We’ve examined the five essential steps to achieving flow; we’ve put those five steps into action; now, in Part 3 on flow and the art of lawyering, we’ll conclude with the one thing that ties everything else together.
It’s what will keep you going when you hit inevitable obstacles.
It’s something—a mindset, really—that will insulate you from so-called “failure” for the rest of your days.
It is that there is no such thing as failure.
Intrinsic vs. Extrinsic Rewards
There is no such thing as failure if you’re focused on the activity itself, rather than what you might get out of it.
If the activity itself is what drives you, obstacles won’t devastate your life. Something you want but have not gotten (and might never get)—like becoming a judge or the next John Grisham or simply getting a quote about your case on the local news—will not have the power to devastate you.
I think of this when I watch American Idol and I see someone whose dream is to impress the judges and “make it to Hollywood” and get a shot at stardom—yet their singing voice just isn’t good enough. You can see the shock on their faces, as if they cannot believe that they’re not good enough, that their dream will always be just a dream, and you have to wonder whether some of the more passable ones (but who still didn’t pass the audition) will stop singing altogether.
So I wrote in Part 2 that I wanted to be a “good writer.”
If I am being honest with you, a big part of being a good writer means getting recognized for it, getting published, and in my dream of dreams, perhaps even make a great living and earn some level of fame for my writing. But if that is all I am focused on, I will never make it happen.
Because the truth is that I have to love the activity of writing even if I wasn’t paid to do it.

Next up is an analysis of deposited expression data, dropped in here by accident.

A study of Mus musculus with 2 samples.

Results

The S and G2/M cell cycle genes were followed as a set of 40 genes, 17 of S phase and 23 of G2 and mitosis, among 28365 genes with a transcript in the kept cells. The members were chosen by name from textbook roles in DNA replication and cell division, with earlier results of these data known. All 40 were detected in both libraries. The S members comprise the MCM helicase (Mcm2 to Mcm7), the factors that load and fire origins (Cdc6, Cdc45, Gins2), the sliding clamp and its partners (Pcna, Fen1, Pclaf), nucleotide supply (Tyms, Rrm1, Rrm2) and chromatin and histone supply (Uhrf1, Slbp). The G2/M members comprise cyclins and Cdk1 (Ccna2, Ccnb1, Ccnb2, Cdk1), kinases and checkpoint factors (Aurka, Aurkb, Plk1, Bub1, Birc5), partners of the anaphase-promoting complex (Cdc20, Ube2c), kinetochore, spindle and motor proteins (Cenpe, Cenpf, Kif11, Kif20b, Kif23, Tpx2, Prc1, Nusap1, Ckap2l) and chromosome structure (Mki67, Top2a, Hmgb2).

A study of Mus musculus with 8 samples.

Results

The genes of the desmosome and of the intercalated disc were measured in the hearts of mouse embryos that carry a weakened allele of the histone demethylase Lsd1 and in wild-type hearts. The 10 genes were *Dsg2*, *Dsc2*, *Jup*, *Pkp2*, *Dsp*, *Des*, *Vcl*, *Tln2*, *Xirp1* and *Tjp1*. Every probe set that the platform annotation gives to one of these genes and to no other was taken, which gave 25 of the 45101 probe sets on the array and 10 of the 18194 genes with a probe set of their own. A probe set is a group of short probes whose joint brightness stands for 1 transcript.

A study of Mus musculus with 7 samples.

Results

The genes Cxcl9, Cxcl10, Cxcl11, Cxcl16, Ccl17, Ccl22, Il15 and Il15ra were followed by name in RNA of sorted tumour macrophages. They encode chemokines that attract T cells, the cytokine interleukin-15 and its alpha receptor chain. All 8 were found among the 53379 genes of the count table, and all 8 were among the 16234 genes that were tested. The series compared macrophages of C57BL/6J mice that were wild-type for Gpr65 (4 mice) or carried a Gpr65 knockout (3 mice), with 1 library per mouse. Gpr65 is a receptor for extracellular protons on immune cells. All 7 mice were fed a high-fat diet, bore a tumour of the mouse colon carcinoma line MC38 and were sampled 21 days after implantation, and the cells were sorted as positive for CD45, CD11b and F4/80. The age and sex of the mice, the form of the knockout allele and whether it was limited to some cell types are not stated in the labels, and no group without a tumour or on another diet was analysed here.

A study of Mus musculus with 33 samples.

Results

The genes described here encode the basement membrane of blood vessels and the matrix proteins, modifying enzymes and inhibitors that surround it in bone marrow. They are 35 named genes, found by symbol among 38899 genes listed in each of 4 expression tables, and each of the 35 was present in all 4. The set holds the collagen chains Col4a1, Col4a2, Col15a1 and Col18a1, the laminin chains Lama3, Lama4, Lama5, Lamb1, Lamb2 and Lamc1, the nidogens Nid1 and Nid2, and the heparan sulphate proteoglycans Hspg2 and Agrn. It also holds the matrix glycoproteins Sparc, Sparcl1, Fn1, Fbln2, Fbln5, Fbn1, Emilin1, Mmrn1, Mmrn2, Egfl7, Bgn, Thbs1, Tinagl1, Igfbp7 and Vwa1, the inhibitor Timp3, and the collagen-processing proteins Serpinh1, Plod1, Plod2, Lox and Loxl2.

You’ve probably heard this before, but I mean it the way Mihaly Csikszentmihalyi means it in his book Flow: The Psychology of Optimal Experience. Writing is hard work and at times quite draining. It’s not romantic the way I used to believe it might be for novelists.
But it is a flow-inducing activity, like lawyering, and worth the intrinsic rewards that come from pursuing an activity that I enjoy.
Failure is an Illusion
If I truly want to be a good writer, and if you truly want to be a good lawyer, you must shift your focus off the extrinsic rewards—money, fame, power, quotes in the local news—and consider that so-called “failure” is an illusion: you fail relative only to some extrinsic goal you think you want, or that someone else thinks you should want.
If the coveted extrinsic things never come, will you have considered your effort a waste?
If you never get rich being a lawyer, or you never argue a case in front of the U.S. Supreme Court, or you never become a judge, or (gasp!) you lose a case, has what you’ve done with your life been in vain?
Will it devastate you and cause you to quit? Or will you simply become a bitter lawyer?
Not if the activities you’ve chosen were chosen for the right reasons: to enjoy what you’re doing in a state of flow, not worrying about the past or the future, but being totally absorbed in the task at hand, for its own sake.